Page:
Labor organizers say janitors who clean six of Glendale's new office towers are threatening to walk off the job early next month in protest of low wages and a lack of benefits. Organizers charge that the plight of custodians is in sharp contrast to the salaries and benefits earned by office workers and managers in the buildings they service.
To demonstrate their position and muster courage among themselves, about 50 custodians and their supporters staged a noon rally last Friday on a patio at the Glendale Superior Court building at Broadway and Glendale Avenue.
Wearing red Justice for Janitors T-shirts, protesters marched in circles under a courthouse olive tree, sang songs and carried signs as passersby gawked and drivers honked.
Bill Ragen, project director of Justice for Janitors, a committee of Service Employees International Union, said workers are protesting what they believe is unfair treatment by Bradford Building Services of Los Angeles, the largest non-union maintenance firm in Southern California.
Ragen said Bradford employees are paid the minimum wage of $4.25 an hour and receive no benefits, while union workers with other companies earn an average of $6 an hour and have family health insurance, sick leave and vacations.
Larry Smith, president of Bradford, denied the union's allegations. "Our wage rates run typically from $4.85 to $10 an hour," he said, and workers usually receive some benefits, depending on individual contracts with building managers.
Smith said his company and union organizers have been battling in the courts and before the National Labor Relations Board for 10 years. He declined to discuss the actions in detail because of pending litigation. However, Smith said there are 2,600 other cleaning contractors in Southern California, "most of which are non-union."
Ragen said union organizers have targeted the Glendale area during the last two months because of the community's growing prominence as a labor and service-based economy. "The janitors are organizing to make sure that the shift does not mean a two-tier economy which forces the new service-sector workers to live in poverty," Ragen said.
Jono Shaffer, a labor organizer who accompanied demonstrators with his guitar, said all of the Bradford employees in Glendale have signed union authorization cards and have voted to support a strike, if necessary.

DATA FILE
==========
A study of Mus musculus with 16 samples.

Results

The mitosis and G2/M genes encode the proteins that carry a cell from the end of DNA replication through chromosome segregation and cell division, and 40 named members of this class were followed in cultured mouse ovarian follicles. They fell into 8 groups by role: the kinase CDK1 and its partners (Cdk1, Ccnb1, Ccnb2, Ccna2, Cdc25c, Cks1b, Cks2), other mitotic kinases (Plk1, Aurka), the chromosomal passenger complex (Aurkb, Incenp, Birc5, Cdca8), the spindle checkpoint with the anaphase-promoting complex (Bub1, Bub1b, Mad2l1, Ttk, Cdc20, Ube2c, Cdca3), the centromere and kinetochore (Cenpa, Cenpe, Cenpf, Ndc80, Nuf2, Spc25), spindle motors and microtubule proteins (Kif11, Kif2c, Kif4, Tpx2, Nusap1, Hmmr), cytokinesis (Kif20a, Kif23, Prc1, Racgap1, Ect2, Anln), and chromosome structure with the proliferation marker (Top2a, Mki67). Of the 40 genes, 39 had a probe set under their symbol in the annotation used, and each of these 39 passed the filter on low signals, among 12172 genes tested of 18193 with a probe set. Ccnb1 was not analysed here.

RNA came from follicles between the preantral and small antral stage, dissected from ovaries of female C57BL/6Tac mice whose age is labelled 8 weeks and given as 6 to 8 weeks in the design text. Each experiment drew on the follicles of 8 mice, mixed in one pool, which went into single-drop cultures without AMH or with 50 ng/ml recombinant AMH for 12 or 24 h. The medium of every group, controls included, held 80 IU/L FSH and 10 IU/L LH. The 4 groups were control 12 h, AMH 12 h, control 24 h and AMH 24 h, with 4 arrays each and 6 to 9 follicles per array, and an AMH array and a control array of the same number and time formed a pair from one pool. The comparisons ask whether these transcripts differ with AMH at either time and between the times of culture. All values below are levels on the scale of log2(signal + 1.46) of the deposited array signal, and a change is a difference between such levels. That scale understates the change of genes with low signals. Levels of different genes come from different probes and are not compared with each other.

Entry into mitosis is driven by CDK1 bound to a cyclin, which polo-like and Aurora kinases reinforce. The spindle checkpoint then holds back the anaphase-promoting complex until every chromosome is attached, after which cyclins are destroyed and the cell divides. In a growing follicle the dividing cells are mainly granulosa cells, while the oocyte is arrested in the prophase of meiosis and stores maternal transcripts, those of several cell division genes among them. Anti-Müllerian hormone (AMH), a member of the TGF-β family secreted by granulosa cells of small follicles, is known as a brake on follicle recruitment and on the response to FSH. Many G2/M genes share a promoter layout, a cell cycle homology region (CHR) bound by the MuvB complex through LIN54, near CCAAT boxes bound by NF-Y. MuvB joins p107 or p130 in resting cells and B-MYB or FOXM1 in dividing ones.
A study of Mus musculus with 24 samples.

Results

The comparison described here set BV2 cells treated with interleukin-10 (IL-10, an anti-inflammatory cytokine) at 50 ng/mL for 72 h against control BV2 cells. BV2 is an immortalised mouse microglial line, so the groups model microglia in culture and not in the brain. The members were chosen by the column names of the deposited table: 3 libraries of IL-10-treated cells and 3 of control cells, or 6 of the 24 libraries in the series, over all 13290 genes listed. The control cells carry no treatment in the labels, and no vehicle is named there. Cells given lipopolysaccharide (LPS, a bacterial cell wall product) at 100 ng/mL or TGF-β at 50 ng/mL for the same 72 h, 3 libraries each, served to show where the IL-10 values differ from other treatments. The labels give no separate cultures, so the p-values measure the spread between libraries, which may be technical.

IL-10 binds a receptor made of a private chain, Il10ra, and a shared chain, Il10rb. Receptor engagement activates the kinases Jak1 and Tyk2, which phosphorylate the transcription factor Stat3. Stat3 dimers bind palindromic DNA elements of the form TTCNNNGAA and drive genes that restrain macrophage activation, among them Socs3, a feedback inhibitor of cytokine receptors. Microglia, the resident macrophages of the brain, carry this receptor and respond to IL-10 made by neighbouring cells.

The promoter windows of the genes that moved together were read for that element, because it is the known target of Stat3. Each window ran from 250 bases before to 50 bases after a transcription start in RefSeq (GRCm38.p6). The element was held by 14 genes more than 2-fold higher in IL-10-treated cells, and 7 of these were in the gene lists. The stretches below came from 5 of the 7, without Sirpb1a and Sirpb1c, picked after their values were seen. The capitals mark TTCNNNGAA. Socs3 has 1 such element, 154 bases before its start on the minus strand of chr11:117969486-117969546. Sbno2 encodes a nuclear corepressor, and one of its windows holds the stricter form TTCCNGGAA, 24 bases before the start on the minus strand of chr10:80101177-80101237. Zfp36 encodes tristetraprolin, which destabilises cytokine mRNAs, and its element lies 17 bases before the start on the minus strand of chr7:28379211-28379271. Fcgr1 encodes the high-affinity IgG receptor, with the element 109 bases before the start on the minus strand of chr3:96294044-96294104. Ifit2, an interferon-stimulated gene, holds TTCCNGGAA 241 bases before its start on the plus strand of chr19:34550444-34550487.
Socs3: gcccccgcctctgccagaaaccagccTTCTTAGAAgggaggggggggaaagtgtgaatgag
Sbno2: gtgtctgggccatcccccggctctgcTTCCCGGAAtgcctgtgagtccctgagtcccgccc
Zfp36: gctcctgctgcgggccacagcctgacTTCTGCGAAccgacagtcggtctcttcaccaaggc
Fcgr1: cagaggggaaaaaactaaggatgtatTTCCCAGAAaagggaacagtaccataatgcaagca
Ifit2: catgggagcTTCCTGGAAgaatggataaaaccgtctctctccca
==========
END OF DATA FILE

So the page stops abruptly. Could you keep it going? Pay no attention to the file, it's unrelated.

However, Shaffer said the union does not formally represent workers because an election has not been held. "An election is really a bureaucratic process which we don't use anymore," Shaffer said. "We see no need to get bogged down in the lengthy, drawn-out process." Instead, he asked that the company "listen to what their workers are saying."
Ragen said demands by custodians are often ignored by managers until they strike. He said about 45 employees at Glendale buildings are ready to walk out, probably early next month.
The buildings targeted are at 330, 505, 550, 611 and 801 N. Brand Blvd. and at 700 N. Central Ave.--all cleaned under contractual agreements with Bradford.
About 140 workers participated in a protest march in Glendale in September outside two high-rise office buildings serviced by Bradford. During that protest, Glendale police watched but did not interfere.
On June 15, a larger Justice for Janitors march against another firm in Century City led to a violent confrontation with baton-wielding Los Angeles police, resulting in 40 arrests and 16 injuries.
During Friday's demonstration in Glendale, union organizers instructed participants in "civil disobedience." Some workers linked arms to simulate blocking an entrance to a building, while others, with paper stars pinned to their shirts, played the roles of arresting officers.
One worker who was arrested in the Century City demonstration urged her co-workers not to be afraid. "I was afraid when I did it, but not now," she said in Spanish.
Another custodian, employed in Glendale, said: "I hope that we are not forced to go out on strike. But if we must, we will, because our cause is a just one."